Sunday, June 09, 2024

Skrmetti’s dedication to upholding the rule of law.

by MEGAN PODSIEDLIK, reposted from The Pamphleteer, June 9, 2024 - Last month, in the wake of his decision to sue the federal Department of Education over its “dangerous overhaul” of Title IX, Attorney General Skrmetti found himself at odds with GOP hardliners. Amidst the Biden administration's efforts to redefine “sex” to include “gender identity,” introducing gender fluidity in locker rooms and youth sporting events alike, the AG encouraged Tennessee schools to comply with the changes until the matter was clarified in court, upsetting and confusing his base.

“It is unconstitutional and you know it,” said one commenter on X.  “Your oath is to the constitution. Obeying Biden's dictatorial decree is a betrayal of that oath, and as described in the constitution, ‘the people.’” While those on the right of this issue have expressed disappointment over Skrmetti’s by-the-book approach, many on the left have categorized the AG as acrusader for the “radical right” throughout his short tenure. But there’s a bit more to glean from Skrmetti’s dedication to upholding the rule of law.

“Obviously, we want to get clarity on that quickly, because if the rules aren't going into effect, people don't need to be spinning their wheels trying to create new policies to comply with them,” Skrmetti told The Pamphleteer during a phone interview. “We have a hearing on our preliminary injunction request coming up in June, and so we should know in June whether or not these rules will be going into effect on August 1st.”

The AG wasn’t dismissive of the state of limbo created by the pending litigation. “We try to get injunctions quickly, and that way at least they're not under the burden of the illegal rules during the pendency of the case,” he said. Skrmetti was also optimistic that his office might get some answers before the changes take effect in the upcoming school year. “We've got a judge that I think recognizes the need for clarity and has a pretty expedited schedule for us.”

At the end of the day, the AG said, Tennessee schools can set their own guidelines. “...It's largely a spending policy issue,” he said of the new mandates. “It's not really a matter of not complying, it's a matter of, ‘Are you going to take this federal money or not?’”

That being said, Skrmetti plans to fight Biden’s changes to the bitter end. “Under this radical and illegal attempt to rewrite the statute, if a man enters a woman’s locker room and a woman complains that makes her uncomfortable, the woman will be subject to investigation and penalties for violating the man’s civil rights,” reads a statement released by his office after he announced the suit in April. “Federal bureaucrats have no power to rewrite laws passed by the people’s elected representatives, and I expect the courts will put a stop to this unconstitutional power grab.”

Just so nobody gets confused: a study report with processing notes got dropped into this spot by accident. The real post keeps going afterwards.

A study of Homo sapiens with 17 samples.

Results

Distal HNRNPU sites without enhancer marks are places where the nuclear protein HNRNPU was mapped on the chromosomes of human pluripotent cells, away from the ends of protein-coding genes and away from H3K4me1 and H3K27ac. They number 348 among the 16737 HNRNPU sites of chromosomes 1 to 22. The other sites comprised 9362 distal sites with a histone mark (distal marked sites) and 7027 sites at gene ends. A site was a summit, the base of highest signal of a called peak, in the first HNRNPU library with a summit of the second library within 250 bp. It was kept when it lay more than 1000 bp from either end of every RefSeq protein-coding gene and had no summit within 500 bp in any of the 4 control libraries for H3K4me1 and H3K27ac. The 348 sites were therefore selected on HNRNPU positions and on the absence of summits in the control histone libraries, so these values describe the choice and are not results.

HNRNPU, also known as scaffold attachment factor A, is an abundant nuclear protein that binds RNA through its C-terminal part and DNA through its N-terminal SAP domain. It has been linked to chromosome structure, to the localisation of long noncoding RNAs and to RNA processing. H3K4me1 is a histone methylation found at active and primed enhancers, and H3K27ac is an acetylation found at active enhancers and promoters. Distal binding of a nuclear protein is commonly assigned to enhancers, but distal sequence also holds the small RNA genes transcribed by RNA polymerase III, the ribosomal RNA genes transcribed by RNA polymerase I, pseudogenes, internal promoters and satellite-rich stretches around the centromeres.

Skrmetti’s battle over Title IX is just the tip of the iceberg when it comes to protecting today’s youth. The AG also told us he hopes the US Supreme Court will take up the L.W. case, which addresses Tennessee’s “prohibition on juveniles getting hormone treatments, puberty blockers, or surgeries for gender transition purposes.” 

“Over and over, the federal courts had held that states could not pass these laws,” he told us. “We were the first state to win. We filed an emergency stay motion with the Sixth Circuit and got an opinion saying states do have the authority to regulate, limit, and prohibit pediatric transgender treatments. We got an even better opinion from Chief Judge Sutton when they went back and heard the case more thoroughly.”

His hope is that a ruling from the nation’s highest court might provide clarity when it comes to dealing with future gender identity cases. “The Bostock case is pretty narrow and deals with sex discrimination in the employment context, and explicitly excluded a lot of other considerations,” said Skrmetti. “There's still open questions about how the equal protection clause of the Constitution might apply. I don't know that the Supreme Court will take this, but if they don't take this case, they have to answer some of these big questions. Hopefully soon, because there's a lot of litigation going on that would be resolved with more clarity from the court.” 

Rod's Comment: Excellent reporting! The Pamphleteer is a local conservative voice of sanity at a time when many on the right have lost their mind. Please subscribe at this link

Skrmetti takes a lot of heat from the left, but unfortunately there are loud voices on the right who think anyone not ready to fire on Fort Sumter is a sell-out to the Deep State. We are fortunate to have Skrmetti as Tennessee's Attorney General.